On the surface, it seems like a question with an obvious answer: what is a customer? When we reflect on it, however, we realise the answer isn't always clear cut – and the answer depends on which customers you include in the definition.
Giving this matter some thought can lead to a greater understanding of your customers and a better customer-focused approach.
Internal and External Customers
When we're asked "what is a customer", our minds immediately jump to external customers using for-profit business services: the people from outside the organisation who pay money to purchase our products or services. These can be members of the public (as in Business-to-Consumer companies) or other companies (as in Business-to-Business focused companies).
We split these kinds of customers into further sub-groups so we can better market to them and meet their needs: new and returning customers, customers in different regions, regular customers and occasional buyers, and customers who buy from exclusively from one product range and clients who buy from them all. Each of these groups will have slightly different needs when it comes to customer service.
We acknowledge there are grey areas, such as service-users for non-profits. Though many would not classify them as "customers" in the standard definition of the word, non-profits put a lot of thought into their experience with their services, sharing many of the customer service skills businesses use.
One group that is often overlooked is internal customers. They are people from different areas of a business or organisation who you interact with. They can include shareholders and freelancers, for example, but the term most commonly refers to employees from different departments, retail branches or business areas. For example, if you request a report from a different department to allow you to do your own work, you are their internal customer for that project.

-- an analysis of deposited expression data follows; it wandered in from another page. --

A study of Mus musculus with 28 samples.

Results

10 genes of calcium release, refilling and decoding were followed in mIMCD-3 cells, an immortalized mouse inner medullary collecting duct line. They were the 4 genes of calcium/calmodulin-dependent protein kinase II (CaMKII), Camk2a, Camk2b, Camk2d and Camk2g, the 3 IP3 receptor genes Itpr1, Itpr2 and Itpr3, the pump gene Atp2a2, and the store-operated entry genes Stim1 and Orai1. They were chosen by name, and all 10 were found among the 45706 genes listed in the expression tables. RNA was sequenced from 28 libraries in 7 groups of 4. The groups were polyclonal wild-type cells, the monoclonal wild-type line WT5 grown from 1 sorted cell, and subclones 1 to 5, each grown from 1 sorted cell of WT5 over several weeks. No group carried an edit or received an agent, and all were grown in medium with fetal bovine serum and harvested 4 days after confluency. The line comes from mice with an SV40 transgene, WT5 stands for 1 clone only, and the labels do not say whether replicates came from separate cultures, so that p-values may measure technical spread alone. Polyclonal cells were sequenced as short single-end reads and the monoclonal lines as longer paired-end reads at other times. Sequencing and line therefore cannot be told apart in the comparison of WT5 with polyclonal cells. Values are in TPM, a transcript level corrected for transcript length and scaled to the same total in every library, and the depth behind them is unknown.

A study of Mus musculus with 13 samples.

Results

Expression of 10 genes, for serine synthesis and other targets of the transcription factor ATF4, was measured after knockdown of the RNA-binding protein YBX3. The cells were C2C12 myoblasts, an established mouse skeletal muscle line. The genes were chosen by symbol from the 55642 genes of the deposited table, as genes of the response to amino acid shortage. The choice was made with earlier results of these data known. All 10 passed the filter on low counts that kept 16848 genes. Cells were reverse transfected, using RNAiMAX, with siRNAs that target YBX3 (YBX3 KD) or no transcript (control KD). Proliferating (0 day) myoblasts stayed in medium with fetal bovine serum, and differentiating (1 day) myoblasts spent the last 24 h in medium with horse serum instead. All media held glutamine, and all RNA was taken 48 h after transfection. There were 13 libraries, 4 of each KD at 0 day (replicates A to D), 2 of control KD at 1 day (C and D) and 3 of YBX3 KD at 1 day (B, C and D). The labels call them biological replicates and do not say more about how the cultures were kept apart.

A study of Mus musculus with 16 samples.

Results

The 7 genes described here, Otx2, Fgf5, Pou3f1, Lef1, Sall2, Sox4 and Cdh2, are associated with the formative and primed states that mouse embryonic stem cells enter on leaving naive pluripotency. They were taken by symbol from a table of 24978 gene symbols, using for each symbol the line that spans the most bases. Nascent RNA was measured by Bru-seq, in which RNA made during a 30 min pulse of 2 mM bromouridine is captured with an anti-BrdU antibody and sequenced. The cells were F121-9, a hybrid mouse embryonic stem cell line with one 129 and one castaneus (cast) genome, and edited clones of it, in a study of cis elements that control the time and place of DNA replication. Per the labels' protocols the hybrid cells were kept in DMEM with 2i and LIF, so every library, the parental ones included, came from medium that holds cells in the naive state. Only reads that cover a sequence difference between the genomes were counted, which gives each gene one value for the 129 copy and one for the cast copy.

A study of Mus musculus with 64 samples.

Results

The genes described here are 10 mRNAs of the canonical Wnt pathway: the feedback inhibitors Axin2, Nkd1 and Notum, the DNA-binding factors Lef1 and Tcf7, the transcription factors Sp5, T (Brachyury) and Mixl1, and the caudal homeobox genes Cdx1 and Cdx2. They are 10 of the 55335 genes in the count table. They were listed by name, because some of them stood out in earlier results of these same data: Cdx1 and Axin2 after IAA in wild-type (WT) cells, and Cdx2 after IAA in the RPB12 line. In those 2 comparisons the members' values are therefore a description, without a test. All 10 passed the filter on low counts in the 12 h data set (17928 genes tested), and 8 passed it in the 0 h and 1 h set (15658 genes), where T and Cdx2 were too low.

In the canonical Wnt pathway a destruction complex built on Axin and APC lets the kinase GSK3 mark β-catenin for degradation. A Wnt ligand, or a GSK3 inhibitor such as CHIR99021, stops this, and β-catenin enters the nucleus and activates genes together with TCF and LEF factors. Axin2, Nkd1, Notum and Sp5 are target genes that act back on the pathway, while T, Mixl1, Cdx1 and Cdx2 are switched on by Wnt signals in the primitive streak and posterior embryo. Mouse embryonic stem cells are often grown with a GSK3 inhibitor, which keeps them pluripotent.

The concept of internal customers aims to make people treat their internal interactions just as seriously as their external ones, and focus just as much on making their colleagues' lives easier as they would their customers'.
Meeting Customers' Needs
Great customer service is priceless. Companies that prioritise customer-focus and invest in customer service training for their employees are rewarded with happier customers, more repeat business and consistently good reviews.
Customer service skills are like any other skillset: they can be improved with good quality training and putting them into practice regularly. Skills like active listening, empathy and problem-solving can all be improved upon and will improve your organisation's customer service immeasurably.
A genuine effort to improve customer service always pays of – whether they are internal or external customers.